Kernel Notion of Time
Certainly, the concept of time to a computer is a bit obscure. Indeed, the kernel must work with the system's hardware to comprehend and manage time. The hardware provides a system timer that the kernel uses to gauge the passing of time. This system timer works off of an electronic time source, such as a digital clock or the frequency of the processor. The system timer goes off (often called hitting or popping) at a preprogrammed frequency, called the tick rate. When the system timer goes off, it issues an interrupt that the kernel handles via a special interrupt handler.
Because the kernel knows the preprogrammed tick rate, it knows the time between any two successive timer interrupts. This period is called a tick and is equal to one-over-the-tick-rate seconds. This is how the kernel keeps track of both wall time and system uptime. Wall timethe actual time of dayis of most importance to user-space applications. The kernel keeps track of it simply because the kernel controls the timer interrupt. A family of system calls provide the date and time of day to user-space. The system uptimethe relative time since the system bootedis useful to both kernel-space and user-space. A lot of code must be aware of the passing of time. The difference between two uptime readingsnow and thenis a simple measure of this relativity.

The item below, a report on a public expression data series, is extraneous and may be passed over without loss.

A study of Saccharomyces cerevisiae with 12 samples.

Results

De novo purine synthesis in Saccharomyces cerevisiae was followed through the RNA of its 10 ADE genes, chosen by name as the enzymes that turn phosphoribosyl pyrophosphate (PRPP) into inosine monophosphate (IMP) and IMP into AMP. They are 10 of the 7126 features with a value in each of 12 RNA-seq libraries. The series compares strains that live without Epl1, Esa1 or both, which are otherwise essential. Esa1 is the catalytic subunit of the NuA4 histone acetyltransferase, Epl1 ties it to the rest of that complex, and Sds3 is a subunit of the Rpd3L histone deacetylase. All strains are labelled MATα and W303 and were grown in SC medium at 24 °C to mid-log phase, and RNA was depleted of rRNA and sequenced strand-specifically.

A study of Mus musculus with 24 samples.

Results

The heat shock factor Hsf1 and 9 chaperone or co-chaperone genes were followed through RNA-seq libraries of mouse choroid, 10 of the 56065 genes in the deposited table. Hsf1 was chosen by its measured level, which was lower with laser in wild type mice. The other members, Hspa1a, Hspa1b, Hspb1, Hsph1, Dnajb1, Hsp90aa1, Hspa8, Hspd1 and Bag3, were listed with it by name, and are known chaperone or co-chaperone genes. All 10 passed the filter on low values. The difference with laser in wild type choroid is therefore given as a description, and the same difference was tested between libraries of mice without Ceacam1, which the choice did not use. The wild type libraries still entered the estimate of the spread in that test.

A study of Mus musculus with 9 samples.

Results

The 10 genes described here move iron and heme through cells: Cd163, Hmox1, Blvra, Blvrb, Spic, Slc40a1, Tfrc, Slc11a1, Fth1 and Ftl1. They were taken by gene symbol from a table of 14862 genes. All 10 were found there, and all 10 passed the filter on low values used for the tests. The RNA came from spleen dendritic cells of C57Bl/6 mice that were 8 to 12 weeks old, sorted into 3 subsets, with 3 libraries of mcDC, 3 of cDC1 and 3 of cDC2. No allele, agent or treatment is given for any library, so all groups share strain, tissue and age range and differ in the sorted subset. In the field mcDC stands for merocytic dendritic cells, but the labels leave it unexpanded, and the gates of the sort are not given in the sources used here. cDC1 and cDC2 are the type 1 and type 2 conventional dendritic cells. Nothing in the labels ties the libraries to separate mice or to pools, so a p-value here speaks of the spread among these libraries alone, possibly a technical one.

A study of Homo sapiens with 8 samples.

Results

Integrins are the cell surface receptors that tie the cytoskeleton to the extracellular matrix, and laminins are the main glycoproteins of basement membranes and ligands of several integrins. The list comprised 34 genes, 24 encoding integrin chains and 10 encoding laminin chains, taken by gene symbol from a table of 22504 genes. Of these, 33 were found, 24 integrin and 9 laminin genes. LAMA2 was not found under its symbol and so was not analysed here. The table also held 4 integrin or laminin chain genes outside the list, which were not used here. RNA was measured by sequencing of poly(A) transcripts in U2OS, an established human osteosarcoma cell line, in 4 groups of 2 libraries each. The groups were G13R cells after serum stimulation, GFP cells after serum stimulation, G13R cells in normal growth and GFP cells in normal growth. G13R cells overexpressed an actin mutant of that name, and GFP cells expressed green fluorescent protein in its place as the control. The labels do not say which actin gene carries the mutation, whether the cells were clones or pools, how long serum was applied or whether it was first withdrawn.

The timer interrupt is very important to the management of the operating system. A large number of kernel functions live and die by the passing of time. Some of the work executed periodically by the timer interrupt includes
Some of this work occurs on every timer interruptthat is, the work is carried out with the frequency of the tick rate. Other functions execute periodically, but only every n timer interrupts. That is, these functions occur at some fraction of the tick rate. The section "The Timer Interrupt Handler" looks at the timer interrupt handler itself.